Anatomy of the Bears Goal Line Stand

With five minutes left in Sunday night's game and the Bears clinging to a 24-20 lead, the Philadelphia Eagles faced second-and-goal from the 1-yard line. The situation was simple: The Eagles had three chances to gain a yard. If the Bears could stop them on three straight plays they'd probably win; if not they'd probably lose.

They stopped them, with a goal-line stand that John Madden described as one of the best defensive efforts he could remember. Let's take an in-depth look at how they did it.

On second-and-goal, the Eagles came out in a power formation with no wide receivers two tight ends and two running backs behind Donovan McNabb. The Bears responded by lining up their entire defense near the line of scrimmage. It looked like something out of the 1920s; at the snap, all 22 players on the field were within about six yards of the football.

The handoff went to fullback Tony Hunt, and the Eagles' offensive line got a great initial surge, appearing to have pushed the Bears' defensive line back far enough for Hunt to plunge into the end zone. But Bears safeties Kevin Payne and Mike Brown stepped up and drilled Hunt at the line of scrimmage with such ferocity that by the time they took him to the ground, Hunt was all the way back at the 5-yard line.

It was a good thing for the Bears that Payne and Brown knew exactly where to go, because Brian Urlacher sure didn't. Watch the replay and you'll see that Eagles right tackle Jon Runyan absolutely destroyed Urlacher on the play, shoving him back and turning him around so badly that Urlacher didn't even know where the ball had gone. At the time that Payne and Brown hit Hunt, Urlacher was behind the play, looking for the ball in the wrong direction.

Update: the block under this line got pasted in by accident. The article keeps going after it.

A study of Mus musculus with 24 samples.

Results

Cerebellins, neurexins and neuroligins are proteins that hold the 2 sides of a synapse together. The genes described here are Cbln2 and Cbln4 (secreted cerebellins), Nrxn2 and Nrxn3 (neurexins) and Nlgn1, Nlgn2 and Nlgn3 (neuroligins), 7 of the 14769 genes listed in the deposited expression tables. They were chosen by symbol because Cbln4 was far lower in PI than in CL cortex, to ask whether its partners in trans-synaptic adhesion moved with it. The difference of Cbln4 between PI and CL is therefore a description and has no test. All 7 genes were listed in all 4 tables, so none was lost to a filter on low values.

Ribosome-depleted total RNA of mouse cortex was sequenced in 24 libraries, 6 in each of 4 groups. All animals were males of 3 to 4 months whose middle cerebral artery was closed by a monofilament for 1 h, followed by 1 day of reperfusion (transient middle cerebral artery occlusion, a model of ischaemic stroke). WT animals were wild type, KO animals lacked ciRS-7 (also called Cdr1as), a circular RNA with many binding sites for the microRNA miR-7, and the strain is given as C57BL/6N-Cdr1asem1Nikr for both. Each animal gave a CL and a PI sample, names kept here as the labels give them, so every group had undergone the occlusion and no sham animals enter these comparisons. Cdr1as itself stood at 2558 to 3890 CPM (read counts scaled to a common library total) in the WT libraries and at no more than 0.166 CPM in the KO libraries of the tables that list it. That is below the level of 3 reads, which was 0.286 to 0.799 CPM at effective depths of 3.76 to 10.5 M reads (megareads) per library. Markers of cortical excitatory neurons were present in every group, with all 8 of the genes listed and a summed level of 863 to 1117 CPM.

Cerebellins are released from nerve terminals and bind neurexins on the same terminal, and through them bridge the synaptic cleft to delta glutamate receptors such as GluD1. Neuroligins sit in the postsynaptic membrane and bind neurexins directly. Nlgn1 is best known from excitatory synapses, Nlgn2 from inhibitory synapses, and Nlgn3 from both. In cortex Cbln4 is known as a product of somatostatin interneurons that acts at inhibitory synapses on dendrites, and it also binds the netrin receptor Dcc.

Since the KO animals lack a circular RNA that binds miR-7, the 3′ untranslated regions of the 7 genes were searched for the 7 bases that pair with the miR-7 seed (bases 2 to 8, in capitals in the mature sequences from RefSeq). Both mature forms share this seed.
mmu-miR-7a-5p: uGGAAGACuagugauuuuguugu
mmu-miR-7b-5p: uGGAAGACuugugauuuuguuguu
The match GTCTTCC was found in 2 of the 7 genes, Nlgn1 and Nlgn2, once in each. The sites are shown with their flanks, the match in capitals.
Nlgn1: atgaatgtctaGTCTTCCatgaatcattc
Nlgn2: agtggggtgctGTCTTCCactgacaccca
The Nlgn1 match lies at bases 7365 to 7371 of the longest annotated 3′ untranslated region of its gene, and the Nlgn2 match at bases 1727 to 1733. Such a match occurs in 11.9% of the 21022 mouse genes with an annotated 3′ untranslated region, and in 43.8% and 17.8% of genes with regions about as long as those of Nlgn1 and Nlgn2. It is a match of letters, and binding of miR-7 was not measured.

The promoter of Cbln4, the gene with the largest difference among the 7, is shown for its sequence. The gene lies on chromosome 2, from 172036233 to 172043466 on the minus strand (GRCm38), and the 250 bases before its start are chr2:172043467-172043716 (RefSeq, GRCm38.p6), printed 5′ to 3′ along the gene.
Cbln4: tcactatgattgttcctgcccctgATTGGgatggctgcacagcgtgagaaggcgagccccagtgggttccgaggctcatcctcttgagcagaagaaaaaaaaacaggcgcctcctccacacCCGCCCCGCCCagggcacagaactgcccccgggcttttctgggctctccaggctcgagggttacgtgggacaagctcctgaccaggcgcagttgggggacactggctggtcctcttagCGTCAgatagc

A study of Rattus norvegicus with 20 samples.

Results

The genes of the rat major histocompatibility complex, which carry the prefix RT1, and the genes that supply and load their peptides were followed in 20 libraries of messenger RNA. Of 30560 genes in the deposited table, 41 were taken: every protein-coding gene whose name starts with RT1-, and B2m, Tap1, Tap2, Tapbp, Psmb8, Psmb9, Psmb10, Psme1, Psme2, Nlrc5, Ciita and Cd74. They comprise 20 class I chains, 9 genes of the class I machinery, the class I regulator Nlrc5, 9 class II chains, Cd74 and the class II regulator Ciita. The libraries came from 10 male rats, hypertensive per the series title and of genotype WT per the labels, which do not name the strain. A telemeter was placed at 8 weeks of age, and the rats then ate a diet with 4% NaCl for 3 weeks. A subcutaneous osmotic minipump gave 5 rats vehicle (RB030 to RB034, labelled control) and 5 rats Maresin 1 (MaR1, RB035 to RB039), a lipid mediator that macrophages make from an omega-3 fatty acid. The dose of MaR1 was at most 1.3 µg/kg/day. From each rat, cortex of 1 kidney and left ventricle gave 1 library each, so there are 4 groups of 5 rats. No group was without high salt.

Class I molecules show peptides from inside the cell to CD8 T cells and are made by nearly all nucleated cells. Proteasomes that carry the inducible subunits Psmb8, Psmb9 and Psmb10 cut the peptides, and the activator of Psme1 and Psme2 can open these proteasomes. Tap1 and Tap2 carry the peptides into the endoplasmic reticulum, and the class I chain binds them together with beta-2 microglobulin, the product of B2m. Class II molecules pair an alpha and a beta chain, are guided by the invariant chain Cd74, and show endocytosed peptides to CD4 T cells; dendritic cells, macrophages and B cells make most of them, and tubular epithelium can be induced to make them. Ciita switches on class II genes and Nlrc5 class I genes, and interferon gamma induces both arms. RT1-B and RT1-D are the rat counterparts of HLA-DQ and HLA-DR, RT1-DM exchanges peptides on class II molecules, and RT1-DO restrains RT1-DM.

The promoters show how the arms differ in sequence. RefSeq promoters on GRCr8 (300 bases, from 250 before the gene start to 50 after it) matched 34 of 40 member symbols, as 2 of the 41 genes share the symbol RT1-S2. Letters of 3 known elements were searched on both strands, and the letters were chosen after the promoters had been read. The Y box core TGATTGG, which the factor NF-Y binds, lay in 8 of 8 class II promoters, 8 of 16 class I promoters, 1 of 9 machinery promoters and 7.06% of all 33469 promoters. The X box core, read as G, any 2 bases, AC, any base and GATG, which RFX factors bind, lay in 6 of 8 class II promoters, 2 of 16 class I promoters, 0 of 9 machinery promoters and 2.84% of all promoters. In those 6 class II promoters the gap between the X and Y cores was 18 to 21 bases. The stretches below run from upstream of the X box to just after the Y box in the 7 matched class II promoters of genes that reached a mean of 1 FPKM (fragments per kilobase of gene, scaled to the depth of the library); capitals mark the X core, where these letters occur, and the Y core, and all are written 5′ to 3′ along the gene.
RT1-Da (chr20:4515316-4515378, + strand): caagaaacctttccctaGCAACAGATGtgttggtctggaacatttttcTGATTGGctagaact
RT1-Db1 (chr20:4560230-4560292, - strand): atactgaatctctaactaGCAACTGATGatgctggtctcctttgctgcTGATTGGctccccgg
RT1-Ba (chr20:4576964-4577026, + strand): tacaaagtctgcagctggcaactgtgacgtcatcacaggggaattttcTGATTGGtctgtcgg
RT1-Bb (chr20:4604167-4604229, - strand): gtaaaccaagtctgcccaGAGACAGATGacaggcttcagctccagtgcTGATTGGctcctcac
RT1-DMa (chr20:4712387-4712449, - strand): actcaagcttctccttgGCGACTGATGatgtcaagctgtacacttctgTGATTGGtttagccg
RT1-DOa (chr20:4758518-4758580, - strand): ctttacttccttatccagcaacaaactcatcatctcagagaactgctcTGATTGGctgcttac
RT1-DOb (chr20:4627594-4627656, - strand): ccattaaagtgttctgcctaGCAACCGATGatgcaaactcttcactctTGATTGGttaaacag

The Eagles then faced third-and-goal from the 1-yard line, and again came out in a power formation, again with all 22 players clustered close to the ball. This time the Eagles came out in an I-formation, with defensive tackle Dan Klecko playing fullback as the lead blocker for running back Correll Buckhalter. The Eagles weren't trying to do anything fancy; they just wanted to push the pile forward enough that Buckhalter could jump over it and into the end zone.

The Bears were ready. Defensive tackle Israel Idonije wouldn't budge from the middle of the line, Payne came in from his strong safety position to hit Buckhalter in the air, and defensive end Adewale Ogunleye dragged Buckhalter down. Through two plays, the Eagles still hadn't moved an inch forward.

That brought up fourth-and-goal, and the Eagles called timeout to make sure they got the right play called. But once they lined up, it was clear that they had no interest in getting creative. They came out in the same formation, Klecko in front of Buckhalter in the I, and once again thought they could overpower the Bears' defense if they gave it to Buckhalter over the top.

They were wrong. Instead of Klecko clearing a path for Buckhalter, Bears linebacker Lance Briggs jumped over the pile to hit Klecko and push him into Buckhalter's path. That slowed Buckhalter down long enough for defensive end Alex Brown to shove Eagles tight end L.J. Smith aside and crash into Buckhalter at the line of scrimmage. Buckhalter had the ball within inches of the goal line, but 10 players on the Bears' defense arrived to push the pile back. By the end of the play, there was a pileup of 20 players, with only McNabb and Payne, who were a couple yards back, away from the action. The Bears' 10 players out-muscled the Eagles' 10 players, and that gave the Bears the ball back with three and a half minutes to go.

After the Bears' offense ran three minutes off the clock, the Eagles had time for just one more desperation play, and when the Bears stopped it, they had earned a hard-fought 24-20 win. More than anything else, those three plays from the 1-yard line made the difference.